Wednesday, March 27, 2024

On the Origin of Mutations

Jumping between the 1E (1978) and 4E (1992) editions of Gamma World and the 1E (1979) and 2E (1982) editions of Villains and Vigilantes and you can see some interesting changes in the depiction of character powers - the earlier 


Look at how much more detailed Mental Control is in 4th edition than it is in 1st, and so many of those are further limits on the power. Who it can and can't attack, how far away they can be, how long it lasts, what they can do with the controlled body, are all seriously diminished in 4E from 1E. But the concept of this being a dominance/possession where the PC can only control one body at a time and if the controlled body dies the controller also dies, are consistent. 

Between 1978 and 1992 there are so many more RULES in place for how to handle this thorny power, but they are all still diegetic: you can go either way on whether you get to use the controlled body's muscle memory, but there's a logic to it; the rules don't get anything into the player experience of what happens to the player if their PC is under Mental Control, how to handle that at the table, the strength of the PCs will or the Players desires. 1992 didn't have the language for that. 

As an aside, so many things in Gamma World feel, well, controlled. Like yes, you can be a mutated human, animal or plant, you can have any number of strange abilities, but Mental Control works like this no matter what, by god. It's strangely reminiscent of the Gumshoe game Mutant City Blues where the mutant powers are so consistent that they can be forensically tracked and used for crime solving (which is the whole premise of Mutant City Blues, a sort of CSI Super Heroes setting). 

When you take a look at the two editions of V&V, separated by a much shorter period of time, it is both similar and different 

It's hard to tell from the formatting of the two editions but the length looks roughly the same, with 2E being a little longer. But 2E is also more elegant. It has rules for fatigued elsewhere in the book it can reference rather than lay them out here (but they are the same concept of the controlled character being at half ability because of fighting against the control. Rather than a set deadline, the player has routine chances to escape the control based on their characters established personality; not great from today's design standards but also not as bad the the total lack of escape opportunity and rules for how the other characters in the scene can try to free the character. The power also becomes more rather than less open ended in its implementation: there's no discussion of whether the target remembers the mind control, it says that it may require communication, and doesn't discuss range once established. While the 1E power was open ended, the 2E is more so.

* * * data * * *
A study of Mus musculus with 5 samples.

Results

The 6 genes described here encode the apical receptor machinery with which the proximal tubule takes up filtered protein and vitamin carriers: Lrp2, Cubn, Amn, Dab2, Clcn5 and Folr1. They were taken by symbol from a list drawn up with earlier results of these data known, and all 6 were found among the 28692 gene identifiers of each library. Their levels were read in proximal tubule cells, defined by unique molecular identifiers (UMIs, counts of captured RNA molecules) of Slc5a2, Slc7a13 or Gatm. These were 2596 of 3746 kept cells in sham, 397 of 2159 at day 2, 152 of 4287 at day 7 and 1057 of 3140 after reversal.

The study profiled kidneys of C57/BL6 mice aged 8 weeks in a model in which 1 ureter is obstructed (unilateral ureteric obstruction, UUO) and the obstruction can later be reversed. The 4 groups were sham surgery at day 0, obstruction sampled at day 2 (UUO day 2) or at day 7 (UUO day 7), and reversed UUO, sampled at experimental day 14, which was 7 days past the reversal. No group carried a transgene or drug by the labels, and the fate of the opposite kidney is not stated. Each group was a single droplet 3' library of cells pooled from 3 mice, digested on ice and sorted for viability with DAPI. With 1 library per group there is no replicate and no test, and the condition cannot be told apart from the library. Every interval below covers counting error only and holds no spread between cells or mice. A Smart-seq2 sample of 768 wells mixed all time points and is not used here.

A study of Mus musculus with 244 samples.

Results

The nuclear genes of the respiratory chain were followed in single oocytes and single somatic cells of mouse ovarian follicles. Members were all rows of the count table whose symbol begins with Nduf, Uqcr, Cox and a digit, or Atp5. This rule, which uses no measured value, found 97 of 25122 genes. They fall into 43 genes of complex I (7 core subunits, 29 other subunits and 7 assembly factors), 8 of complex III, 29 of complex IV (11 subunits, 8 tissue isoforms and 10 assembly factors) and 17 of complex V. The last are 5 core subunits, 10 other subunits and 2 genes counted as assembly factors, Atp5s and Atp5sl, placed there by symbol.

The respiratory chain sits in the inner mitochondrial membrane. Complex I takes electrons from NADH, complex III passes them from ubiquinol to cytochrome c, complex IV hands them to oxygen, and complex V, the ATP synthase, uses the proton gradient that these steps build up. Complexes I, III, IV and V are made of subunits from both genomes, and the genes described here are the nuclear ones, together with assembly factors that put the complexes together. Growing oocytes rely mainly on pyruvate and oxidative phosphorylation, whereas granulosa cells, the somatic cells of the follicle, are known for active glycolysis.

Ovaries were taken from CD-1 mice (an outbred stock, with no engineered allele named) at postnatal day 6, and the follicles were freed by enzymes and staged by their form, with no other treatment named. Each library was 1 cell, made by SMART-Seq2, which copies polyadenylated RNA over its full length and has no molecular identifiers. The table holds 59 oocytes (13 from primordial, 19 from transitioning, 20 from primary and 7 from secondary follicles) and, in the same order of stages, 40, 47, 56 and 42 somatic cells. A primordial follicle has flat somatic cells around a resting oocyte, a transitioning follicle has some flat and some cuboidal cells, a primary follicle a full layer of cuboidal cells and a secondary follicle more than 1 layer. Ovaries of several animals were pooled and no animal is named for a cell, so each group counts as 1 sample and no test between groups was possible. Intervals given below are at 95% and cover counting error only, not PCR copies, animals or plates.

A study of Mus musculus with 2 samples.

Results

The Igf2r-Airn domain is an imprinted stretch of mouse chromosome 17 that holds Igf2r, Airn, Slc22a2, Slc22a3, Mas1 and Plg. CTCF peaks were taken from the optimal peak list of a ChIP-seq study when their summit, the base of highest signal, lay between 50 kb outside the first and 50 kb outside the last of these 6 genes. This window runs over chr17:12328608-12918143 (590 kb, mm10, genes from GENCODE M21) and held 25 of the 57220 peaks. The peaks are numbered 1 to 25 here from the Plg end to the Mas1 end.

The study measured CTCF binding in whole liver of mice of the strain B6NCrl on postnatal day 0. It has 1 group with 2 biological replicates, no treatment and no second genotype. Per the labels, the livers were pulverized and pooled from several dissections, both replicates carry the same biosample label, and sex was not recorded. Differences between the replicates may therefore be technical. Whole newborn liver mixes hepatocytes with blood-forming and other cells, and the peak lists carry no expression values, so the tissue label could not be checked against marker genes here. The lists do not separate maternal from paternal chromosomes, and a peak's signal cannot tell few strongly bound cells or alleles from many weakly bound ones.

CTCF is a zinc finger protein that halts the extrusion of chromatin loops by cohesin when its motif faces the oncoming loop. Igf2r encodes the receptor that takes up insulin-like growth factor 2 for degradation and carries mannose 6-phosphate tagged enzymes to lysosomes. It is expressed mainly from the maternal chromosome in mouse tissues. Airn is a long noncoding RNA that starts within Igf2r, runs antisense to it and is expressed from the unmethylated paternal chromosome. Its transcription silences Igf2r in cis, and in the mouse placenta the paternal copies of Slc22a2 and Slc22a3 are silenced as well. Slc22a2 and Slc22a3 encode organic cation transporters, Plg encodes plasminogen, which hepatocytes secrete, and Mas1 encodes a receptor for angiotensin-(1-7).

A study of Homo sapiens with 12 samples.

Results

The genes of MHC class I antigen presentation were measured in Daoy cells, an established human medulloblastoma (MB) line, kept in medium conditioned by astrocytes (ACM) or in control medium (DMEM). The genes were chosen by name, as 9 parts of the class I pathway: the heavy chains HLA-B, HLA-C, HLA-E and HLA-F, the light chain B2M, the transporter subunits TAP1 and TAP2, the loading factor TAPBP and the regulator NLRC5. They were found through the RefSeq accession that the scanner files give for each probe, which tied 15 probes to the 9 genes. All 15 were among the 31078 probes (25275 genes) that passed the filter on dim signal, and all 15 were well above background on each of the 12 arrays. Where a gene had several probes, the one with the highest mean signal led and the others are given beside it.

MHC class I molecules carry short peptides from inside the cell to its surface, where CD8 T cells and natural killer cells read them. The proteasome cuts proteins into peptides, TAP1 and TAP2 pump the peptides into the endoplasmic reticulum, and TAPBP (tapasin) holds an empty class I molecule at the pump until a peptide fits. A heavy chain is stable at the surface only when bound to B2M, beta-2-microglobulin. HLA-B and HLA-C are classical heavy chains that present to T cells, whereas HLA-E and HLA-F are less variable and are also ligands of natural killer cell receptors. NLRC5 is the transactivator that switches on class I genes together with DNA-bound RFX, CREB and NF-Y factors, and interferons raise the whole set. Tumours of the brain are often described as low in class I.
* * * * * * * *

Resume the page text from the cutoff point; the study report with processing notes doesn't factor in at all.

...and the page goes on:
The power becoming more open ended and clearer makes it more comic book: here's the rough set of rules for how mind control works, but the specifics and chrome will change from character to character. Gamma World remains, for all it's crazy, a place where rules still apply, if you can learn them, and therefore manipulate them. 

The V&V 1E to 2E is clearly a clean up edit. Gamma World 1E to 4E is laying down new rules and restrictions. 

I don't normally refer to Mighty Protectors, which is the V&V 3E, because the system is just so different, but this is an interesting case

Please forgive the choppiness of the cut and paste there but I needed to skip the point cost table. But look at what the change between 1982 and 2017 produced. The mechanics and terminology are much more technical and precise. The absence of an attack/defense table in MP means a lot of rules around how to calculate a successful hit, with specific rules on if the attacker can tell the mind control worked: this would be depending on the specific character chrome in 1E/2E, but here is designed to set up the exact scene of pretending to be controlled even if that doesn't necessarily follow the character intent. Being able to silently control someone is a paid for ability rather than something determined as part of the character idea/ general power weighting. The mind control lasts even after the mind controller is knocked out, which again might or might not make sense and used to be up to the GM and Player to design for the character

Controlled targets get a chance to save every round, as well as when ordered to act against their nature or when allies try to help them; Mind Control as a way to remove player agency is just so much easier to escape. Except there's a save involved and the GM can say "Oh this villain spent eleventy-skillion imaginary points so your save penalty is enormous" so the chance to escape may be illusionary. Still, stochasticity says a 5% chance is gonna come up sooner or later. 

All told the decisions around how the power works across the 5 examples are interesting to me in terms of time and design and GM/Player Design at Start agency. Likely more on these topics later.